This past Friday when an enormous crane collapsed on the Upper East Side the city was thrown into high construction to alert. It is almost impossible to live in Manhattan and not pass under scaffolding, walk by several cranes, and hear the sounds of a jackhammer breaking ground on your morning walk to school. There are two monumental building projects going on within one block of my daughters’ elementary school- Both of which entail extraordinary cranes,intricate cement funneling systems which reach at least 10 stories high, and tons of metal and electrical supplies being hauled by a cable into the air. Hopscotching through the streets in order to avoid these buildings is like entering an obstacle course with no clear path.
But, this current crane collapse, coming only months after another deadly collapse, shows how important it is to keep our kids and ourselves far away from these sites. Unfortunately, like all things in New York, it is incredibly easy to become blase after encountering one building site after another. Why not just walk through the temporary sidewalk opening adjacent to the huge trucks? After all, crossing the street is out of your way. Why not walk underneath the scaffolding like everyone else even though 20 tons of steel are being lifted overhead? Well, I offer two of my own experiences of being Chicken Little in a city where the sky can fall in an instant.
Several years ago as I walking home from the grocery store during a huge rainstorm I missed the light and got stuck at the corner. I was basically cursing my terrible luck and getting soaked to the bone until finally the traffic cleared and I could dash across the street and under the scaffolding of the building on the opposite corner. As I approached and ducked underneath an entire section of the scaffolding immediately in front of me came crashing down. Had I made the light I would’ve been right underneath it. Turns out someone had left cardboard and other materials on the top of the scaffolding which had become laden down with the rain and heavy enough to cause the metal sheeting to give.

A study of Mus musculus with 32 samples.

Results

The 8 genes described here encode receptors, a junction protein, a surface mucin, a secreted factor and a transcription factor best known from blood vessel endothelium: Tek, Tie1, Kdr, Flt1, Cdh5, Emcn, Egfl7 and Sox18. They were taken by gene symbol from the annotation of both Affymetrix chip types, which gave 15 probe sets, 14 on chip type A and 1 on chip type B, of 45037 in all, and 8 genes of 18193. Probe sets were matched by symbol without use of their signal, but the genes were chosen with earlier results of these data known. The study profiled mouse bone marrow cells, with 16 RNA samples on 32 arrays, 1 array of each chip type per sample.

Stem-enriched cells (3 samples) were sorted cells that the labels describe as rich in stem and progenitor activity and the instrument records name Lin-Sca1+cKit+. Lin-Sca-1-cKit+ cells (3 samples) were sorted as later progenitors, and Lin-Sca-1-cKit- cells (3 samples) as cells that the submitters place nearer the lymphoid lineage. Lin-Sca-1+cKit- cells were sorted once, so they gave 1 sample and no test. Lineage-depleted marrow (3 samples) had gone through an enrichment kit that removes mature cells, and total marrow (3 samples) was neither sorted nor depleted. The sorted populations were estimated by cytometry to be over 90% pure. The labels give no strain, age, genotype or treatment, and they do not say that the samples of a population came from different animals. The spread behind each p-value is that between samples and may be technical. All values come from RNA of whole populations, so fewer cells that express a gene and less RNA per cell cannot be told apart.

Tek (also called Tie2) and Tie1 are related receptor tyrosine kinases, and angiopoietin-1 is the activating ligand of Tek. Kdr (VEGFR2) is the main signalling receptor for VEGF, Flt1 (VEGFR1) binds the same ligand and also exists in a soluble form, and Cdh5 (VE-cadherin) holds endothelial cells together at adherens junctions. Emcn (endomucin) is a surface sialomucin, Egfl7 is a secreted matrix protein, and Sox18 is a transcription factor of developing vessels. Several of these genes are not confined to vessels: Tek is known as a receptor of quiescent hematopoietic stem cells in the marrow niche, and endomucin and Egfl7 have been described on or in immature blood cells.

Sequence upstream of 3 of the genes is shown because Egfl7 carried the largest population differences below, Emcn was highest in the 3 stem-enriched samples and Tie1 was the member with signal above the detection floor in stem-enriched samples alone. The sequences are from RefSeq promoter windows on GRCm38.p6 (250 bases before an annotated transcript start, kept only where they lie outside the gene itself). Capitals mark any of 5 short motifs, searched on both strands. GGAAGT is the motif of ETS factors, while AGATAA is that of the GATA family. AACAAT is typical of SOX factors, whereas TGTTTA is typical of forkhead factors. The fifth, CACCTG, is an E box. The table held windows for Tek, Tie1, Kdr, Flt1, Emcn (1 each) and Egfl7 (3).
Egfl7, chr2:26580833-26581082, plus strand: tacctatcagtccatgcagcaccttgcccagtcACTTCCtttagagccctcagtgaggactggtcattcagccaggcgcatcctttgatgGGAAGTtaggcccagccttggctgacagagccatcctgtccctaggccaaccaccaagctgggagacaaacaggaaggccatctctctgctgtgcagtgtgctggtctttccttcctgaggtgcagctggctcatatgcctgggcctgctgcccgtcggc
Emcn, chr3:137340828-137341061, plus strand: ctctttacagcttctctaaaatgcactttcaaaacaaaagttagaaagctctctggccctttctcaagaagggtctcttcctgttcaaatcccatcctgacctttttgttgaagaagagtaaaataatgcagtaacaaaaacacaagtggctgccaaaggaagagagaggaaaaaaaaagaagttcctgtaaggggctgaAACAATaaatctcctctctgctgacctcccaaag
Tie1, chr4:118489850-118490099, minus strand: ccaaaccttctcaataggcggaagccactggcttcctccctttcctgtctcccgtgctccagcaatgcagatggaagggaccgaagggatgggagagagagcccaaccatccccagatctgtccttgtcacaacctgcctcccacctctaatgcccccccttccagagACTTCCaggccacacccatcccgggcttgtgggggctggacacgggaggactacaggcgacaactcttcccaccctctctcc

My second brush with falling disaster came when my daughters were only 4 months old. My husband and I were walking down a lovely tree lined block on the Upper West Side to see the apartment we had just made an offer on. As we strolled down the picturesque brownstone street a women screamed, “f*****ck!” And directly behind us, where we were standing just 5 second before, an air-conditioner came hurtling to the ground and smashed into pieces on the sidewalk. We looked at each other in horror and a strange sense of hyper awareness, freaked out and incredulous but also relieved. “What if?” is all that ran through my mind at that point. That and the image of my 4 month old twins suddenly orphaned by the most random of circumstances. Like some weird beginning to an episode of Six Feet Under.
So, I guess it doesn’t surprised my when things like huge crane accidents happen, or entire facades of buildings suddenly collapse. It is an unfortunate side effect of living in a city where taller is the norm and people live in the sky. We can hope, and expect, that our mayor and the people in charge are doing all they can to make sure it doesn’t happen again. But, since I have little faith in those powers that be, and more faith in the randomness of this city, I make sure to look up every now and then, and avoid the areas where I can’t see the real sky through the beams. I’d rather be Chicken Little than a Dead Duck.
This is an original post to New York City Moms Blog.